Når barna møter leikeplassen – eit kjønnsperspektiv på barnas rørslemoglegheiter

Pedersen, L.
Barn, 37(2):53–65


The study investigates how five-year-old boys and girls use their bodies when playing outdoors at kindergarten and the physical spaces they create. The research question is: What characterises the potential spaces created in play between five-year-old girls and boys in the kindergarten playground, and what movement opportunities do they promote?


The results show that there are no major differences between the type of play that boys and girls can participate in. Girls can participate in physically active play and boys can participate in family play. Rather, it is the potential space that individual children create for themselves that separates the boys and girls. The spaces that the girls create are often physically calm, where verbal communication drives the play along. Regarding the boys, there is a tendency that the spaces are physically active and bodily communication drives the play along. The researcher believes this may mean that the experiences the children have of being a boy and a girl make the potential spaces they have the opportunity to create differ somewhat from each other. She believes that the results give reason to question whether outdoor play contributes to boys and girls meeting and having the opportunity to develop an equal society.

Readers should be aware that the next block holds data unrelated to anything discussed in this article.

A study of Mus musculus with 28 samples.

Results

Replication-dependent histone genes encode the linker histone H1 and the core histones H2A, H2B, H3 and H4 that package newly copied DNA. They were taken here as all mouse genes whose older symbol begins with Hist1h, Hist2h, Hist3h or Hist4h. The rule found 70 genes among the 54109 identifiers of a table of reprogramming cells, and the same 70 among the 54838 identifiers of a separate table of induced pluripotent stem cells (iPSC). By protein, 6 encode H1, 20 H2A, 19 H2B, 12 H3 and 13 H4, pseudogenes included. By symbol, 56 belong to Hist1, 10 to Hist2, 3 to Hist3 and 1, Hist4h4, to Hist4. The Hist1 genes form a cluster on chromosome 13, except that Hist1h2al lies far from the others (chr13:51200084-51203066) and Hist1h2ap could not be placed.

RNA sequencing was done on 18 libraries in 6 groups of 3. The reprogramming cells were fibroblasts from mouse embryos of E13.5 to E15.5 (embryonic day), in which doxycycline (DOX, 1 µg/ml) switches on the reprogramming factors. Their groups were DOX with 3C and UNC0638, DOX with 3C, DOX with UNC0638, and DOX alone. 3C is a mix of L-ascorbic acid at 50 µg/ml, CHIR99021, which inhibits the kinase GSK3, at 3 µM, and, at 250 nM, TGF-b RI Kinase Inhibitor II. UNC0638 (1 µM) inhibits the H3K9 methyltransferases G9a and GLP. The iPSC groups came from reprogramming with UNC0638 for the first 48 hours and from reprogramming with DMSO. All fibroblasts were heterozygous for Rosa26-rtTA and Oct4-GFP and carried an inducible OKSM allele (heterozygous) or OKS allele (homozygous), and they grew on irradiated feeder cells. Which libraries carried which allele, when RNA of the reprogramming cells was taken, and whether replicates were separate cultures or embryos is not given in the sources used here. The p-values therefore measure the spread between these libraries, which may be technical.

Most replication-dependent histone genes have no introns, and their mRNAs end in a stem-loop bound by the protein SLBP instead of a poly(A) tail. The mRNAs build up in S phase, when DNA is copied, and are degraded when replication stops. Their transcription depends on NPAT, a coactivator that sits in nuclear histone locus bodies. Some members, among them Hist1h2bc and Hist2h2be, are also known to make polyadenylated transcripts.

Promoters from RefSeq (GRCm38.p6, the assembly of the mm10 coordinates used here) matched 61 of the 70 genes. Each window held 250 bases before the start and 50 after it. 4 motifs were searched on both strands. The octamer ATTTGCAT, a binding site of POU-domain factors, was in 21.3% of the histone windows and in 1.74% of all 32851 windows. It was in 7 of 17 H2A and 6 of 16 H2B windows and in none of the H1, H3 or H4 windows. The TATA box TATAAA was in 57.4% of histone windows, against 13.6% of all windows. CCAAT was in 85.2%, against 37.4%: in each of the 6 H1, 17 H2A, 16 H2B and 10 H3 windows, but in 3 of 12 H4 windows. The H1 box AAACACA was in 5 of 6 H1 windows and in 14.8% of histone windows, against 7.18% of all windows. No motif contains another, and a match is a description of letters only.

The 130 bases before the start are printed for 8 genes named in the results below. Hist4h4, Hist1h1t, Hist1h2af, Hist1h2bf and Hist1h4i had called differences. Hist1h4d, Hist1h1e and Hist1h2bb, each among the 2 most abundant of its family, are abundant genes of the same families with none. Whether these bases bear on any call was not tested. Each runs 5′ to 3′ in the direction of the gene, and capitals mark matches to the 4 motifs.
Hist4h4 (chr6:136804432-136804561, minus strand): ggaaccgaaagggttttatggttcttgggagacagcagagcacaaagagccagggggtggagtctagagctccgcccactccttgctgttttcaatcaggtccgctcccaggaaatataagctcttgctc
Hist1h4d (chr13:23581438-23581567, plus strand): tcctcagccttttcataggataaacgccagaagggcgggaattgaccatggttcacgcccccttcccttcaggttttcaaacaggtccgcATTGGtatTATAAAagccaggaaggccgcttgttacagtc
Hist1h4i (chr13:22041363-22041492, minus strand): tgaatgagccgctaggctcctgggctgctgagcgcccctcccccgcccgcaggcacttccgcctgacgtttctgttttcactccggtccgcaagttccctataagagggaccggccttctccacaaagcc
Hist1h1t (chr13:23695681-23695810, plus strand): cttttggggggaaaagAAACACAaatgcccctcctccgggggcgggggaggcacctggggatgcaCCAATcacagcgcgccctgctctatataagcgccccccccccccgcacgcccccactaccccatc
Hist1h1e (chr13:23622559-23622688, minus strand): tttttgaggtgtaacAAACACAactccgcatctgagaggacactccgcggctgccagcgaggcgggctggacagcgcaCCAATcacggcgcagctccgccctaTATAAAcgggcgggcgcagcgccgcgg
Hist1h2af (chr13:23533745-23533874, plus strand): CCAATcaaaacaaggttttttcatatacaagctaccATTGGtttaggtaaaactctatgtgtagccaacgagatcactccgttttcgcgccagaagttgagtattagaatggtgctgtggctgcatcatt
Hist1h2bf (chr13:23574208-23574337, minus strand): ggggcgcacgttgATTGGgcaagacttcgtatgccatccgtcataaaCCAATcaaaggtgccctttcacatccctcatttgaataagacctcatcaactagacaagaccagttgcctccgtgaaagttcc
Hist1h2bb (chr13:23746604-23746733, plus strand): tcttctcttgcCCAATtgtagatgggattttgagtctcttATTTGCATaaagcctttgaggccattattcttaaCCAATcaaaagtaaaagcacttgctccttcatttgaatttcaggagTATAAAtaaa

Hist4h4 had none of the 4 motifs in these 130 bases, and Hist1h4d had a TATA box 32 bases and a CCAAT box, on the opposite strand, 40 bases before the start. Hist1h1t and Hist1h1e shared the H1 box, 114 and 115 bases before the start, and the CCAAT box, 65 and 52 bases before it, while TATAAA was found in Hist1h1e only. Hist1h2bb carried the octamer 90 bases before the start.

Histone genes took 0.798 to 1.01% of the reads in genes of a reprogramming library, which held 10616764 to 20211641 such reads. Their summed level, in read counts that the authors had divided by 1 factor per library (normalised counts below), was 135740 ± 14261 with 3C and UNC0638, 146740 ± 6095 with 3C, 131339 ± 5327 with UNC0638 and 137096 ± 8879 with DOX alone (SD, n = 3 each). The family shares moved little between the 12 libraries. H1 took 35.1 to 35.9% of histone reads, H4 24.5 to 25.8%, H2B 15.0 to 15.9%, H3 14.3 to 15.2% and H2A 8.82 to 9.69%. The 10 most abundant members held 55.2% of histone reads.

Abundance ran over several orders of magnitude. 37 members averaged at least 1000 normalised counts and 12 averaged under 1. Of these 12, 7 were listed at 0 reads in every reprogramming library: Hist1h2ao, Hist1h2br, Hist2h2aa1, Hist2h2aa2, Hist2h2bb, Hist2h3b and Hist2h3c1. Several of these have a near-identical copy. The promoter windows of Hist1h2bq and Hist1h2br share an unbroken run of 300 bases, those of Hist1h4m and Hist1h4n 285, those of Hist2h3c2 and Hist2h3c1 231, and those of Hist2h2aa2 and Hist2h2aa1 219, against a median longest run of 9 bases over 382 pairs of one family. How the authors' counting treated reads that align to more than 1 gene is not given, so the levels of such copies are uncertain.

The researcher observed eight five-year-old children in two Norwegian kindergartens (two girls and two boys in each kindergarten). Both kindergartens prioritised outdoor activities for the children. The fieldwork lasted two weeks in each kindergarten, where the researcher filmed the children playing in the kindergartens’ outdoor areas. The observations were subsequently transcribed and thematically analysed.


Pedersen, L. (2019). «Når barna møter leikeplassen – eit kjønnsperspektiv på barnas rørslemoglegheiter». Barn, 37(2):53–65.